My mom was a bit of a conundrum. She was not a princess, but she loved wearing a heavy diamond on her finger (I should say, on most of her fingers). She was not a fashion queen, but the woman had a closet bigger than most people’s bedrooms. Really, it had a TV and chaise lounge. It’s something that used to make us all laugh but, when she left us, that place became sacred, and painful.
I slept in her closet for days following her death – it was like we were still together; her smell and her aura clung to the room. I hugged her sweaters in disbelief and they convinced me that she wasn’t really gone. She had just worn that outfit a few days ago… her laundry was still fresh in the bin.
Everyone has their thing – their hardest thing; their I don’t want to go there thing. Mine was her closet. I am not usually one who deals with things by avoidance, but I stamped a big fat “A” on that one; I didn’t want to think about empty shelves or cold walls replacing her warm, familiar things. I envisioned her being scattered like ashes as her stuff was dispersed – I would have no control over where she’d end up.
But it had to happen, and it happened sooner than later. I will tell you, however, that it was easier to move on afterwards than it was to anticipate it happening – I learned a lot about letting go of the things I most tightly clench in my hand. The lessons were this:
- An object is not a person. Lucky for me, I used to watch a lot of Clean Sweep on TLC… They were forever reminding people that memories are stored in our minds, not in things. It’s true, objects can remind us, but we hold the memories. In fact, I’ve found that some items that I’ve kept have even been devalued by my keeping them – memories associated with these objects change from what they were when she was here to what they are now in my own house; they have returned to their pure state of “thingness” and lost their warmth.
- What I expected to comfort me often became a burden. I assumed that as long as I held on to her stuff I wouldn’t have to deal with the emptiness – it would fill the void and free me from the loss. In reality, some of these things actually weighed me down… I can’t get rid of this or she will be gone! If this item disappears I will forget everything! It was burdensome and produced fear. In reality, letting go of physical objects, without holding them responsible for my okayness, is what actually freed me.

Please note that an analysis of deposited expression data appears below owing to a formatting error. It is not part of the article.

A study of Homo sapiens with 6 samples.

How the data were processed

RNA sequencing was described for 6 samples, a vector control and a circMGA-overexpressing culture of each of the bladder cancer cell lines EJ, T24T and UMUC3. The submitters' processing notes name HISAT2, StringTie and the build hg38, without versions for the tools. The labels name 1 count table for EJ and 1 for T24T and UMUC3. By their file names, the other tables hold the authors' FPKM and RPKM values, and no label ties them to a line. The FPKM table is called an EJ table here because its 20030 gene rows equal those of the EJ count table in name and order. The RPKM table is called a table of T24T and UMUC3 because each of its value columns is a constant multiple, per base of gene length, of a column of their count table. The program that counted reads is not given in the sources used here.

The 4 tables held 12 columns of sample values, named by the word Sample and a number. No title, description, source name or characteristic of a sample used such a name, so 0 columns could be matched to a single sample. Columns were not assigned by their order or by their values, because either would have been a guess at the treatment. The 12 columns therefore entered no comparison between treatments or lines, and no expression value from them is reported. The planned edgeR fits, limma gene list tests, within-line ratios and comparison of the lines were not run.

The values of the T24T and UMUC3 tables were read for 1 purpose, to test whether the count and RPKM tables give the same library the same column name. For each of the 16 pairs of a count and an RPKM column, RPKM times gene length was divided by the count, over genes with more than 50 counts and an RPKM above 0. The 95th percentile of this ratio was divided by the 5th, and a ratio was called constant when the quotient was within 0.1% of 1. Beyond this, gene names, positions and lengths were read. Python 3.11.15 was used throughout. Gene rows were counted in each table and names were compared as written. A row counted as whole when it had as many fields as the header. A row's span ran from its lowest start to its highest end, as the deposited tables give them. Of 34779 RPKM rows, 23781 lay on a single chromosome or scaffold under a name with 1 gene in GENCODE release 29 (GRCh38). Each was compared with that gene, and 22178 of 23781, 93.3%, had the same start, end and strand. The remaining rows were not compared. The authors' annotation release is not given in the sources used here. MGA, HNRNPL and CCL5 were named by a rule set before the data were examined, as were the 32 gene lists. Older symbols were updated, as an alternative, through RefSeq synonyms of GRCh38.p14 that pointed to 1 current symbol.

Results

- It had to be in stages. Some things are impossible to give up at first, and that’s okay – our minds and bodies only let us handle bits at a time. My “mom collection” gets smaller as time goes on; I no longer have the same emotional ties to the things which I could not let go of in the beginning. Letting it happen naturally over time has significantly reduced the pain of the process.
- Letting go had to be creative. Pulling all of her things out of the closet, stuffing them in bags and shipping them off to a thrift store would have made the situation cold and unbearable. Of course, some of that happened, but to be creative about it made things even almost enjoyable at times… almost. For example, thinking about who my mom would want to help with a clothing donation, or asking her friends to pick out their favorite items of hers. It took away the mystery and the lack of control about where her things would go.
- Holding on had to be creative too. When it came to keeping things, I knew I would never wear her clothes, and I didn’t like the thought of them hanging in my closet for the rest of my life because I couldn’t let go. How could I keep things in a way that they would acutally be loved and used? I took some time to think about how this could be done outside of the box. One thing I came up with was to pick out some memorable pieces of clothing and save them to make a blanket for my future kids – I can’t wait for them to get their first Nana hug with it. Her clothes would have eventually lost their meaning hanging in my closet, but the blanket will hold her aura and pass her spirit on to others. This and similar ideas have helped me to focus on keeping what will create more memories, and letting go of things that will get lost on the shelf.
There is so much else that could be said about this process, but each of us has our own experience and we gain our own understandings as we travel through it. I invite you to leave your own words of wisdom for us here. Thank you all for sharing the journey.